Turkey crosses “red line,” gets booted from F-35 partnership


Enlarge / Turkey’s planned purchase of F-35A Joint Strike Fighters has been vetoed in the wake of the Turkish purchase of Russian anti-air defenses. (credit: US Air Force)

Today, the White House officially announced that Turkey would not be allowed to purchase the F-35 Joint Strike Fighter. The US government had warned Turkish President Recep Tayyip Erdoğan that his government’s purchase of S-400 surface-to-air missile systems from Russia would be incompatible with NATO systems and would trigger an exclusion of Turkey from the F-35 program. Turkey was a financial contributor to the F-35 development program and already had pilots in the US in training to fly the aircraft; those pilots were kicked off US training bases in June.

US and NATO partners are concerned that the S-400 systems, supported by Russian technicians, will essentially amount to an intelligence collection system for Russia on NATO aircraft and military operations. But Erdoğan has been steadily marching away from NATO since the July 2016 coup attempt against his government. That coup led to the arrest of many military officers who were the backbone of the Turkish military and had long relationships with NATO partners. Former head of the Turkish air force Akin Ozturk was one of over 2,000 former members of the military given life sentences.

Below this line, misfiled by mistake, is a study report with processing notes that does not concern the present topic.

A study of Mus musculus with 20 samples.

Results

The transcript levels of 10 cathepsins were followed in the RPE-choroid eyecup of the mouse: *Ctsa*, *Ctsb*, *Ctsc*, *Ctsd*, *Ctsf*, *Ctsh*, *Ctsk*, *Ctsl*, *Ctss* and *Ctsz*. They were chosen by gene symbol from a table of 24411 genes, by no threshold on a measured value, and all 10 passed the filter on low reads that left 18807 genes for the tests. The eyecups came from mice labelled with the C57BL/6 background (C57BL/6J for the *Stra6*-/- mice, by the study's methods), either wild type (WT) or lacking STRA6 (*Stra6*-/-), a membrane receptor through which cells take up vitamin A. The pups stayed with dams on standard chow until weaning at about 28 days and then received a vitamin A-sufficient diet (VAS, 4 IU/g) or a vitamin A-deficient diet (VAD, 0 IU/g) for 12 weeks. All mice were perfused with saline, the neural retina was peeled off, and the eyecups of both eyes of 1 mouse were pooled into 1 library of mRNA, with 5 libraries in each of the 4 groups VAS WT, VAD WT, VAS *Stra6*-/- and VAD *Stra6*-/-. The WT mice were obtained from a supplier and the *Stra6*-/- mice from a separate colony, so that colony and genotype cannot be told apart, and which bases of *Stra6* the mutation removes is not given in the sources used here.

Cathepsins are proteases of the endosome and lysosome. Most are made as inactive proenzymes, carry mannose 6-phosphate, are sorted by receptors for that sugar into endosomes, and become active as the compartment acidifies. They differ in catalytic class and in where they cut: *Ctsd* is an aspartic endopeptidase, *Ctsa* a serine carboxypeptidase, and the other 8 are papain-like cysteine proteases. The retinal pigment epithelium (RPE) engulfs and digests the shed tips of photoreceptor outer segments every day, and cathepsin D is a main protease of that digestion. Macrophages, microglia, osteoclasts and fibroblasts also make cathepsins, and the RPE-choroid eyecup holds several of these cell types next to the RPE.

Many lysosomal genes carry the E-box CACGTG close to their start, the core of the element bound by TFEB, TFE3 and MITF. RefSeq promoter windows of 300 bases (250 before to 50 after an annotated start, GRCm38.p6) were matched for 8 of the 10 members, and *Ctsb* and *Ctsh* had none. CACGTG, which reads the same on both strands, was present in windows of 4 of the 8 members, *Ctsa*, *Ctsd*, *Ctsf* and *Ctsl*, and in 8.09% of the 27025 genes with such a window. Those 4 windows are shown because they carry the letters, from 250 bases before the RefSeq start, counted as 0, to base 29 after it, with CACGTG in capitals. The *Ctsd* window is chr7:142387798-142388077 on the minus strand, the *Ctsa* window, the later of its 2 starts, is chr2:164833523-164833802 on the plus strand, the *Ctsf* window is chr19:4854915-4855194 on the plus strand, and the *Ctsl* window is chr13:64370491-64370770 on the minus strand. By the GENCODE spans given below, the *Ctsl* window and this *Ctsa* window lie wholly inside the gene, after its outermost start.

In a speech on July 15 (the third anniversary of the coup attempt), Erdoğan welcomed the first components of S-400 systems to Turkey, saying that “the S-400s are the strongest defense system against those who want to attack our country… God willing, we are doing this as a joint investment with Russia and will continue to do so.” He added that “with God’s permission,” the missile systems would be fully deployed by April 2020.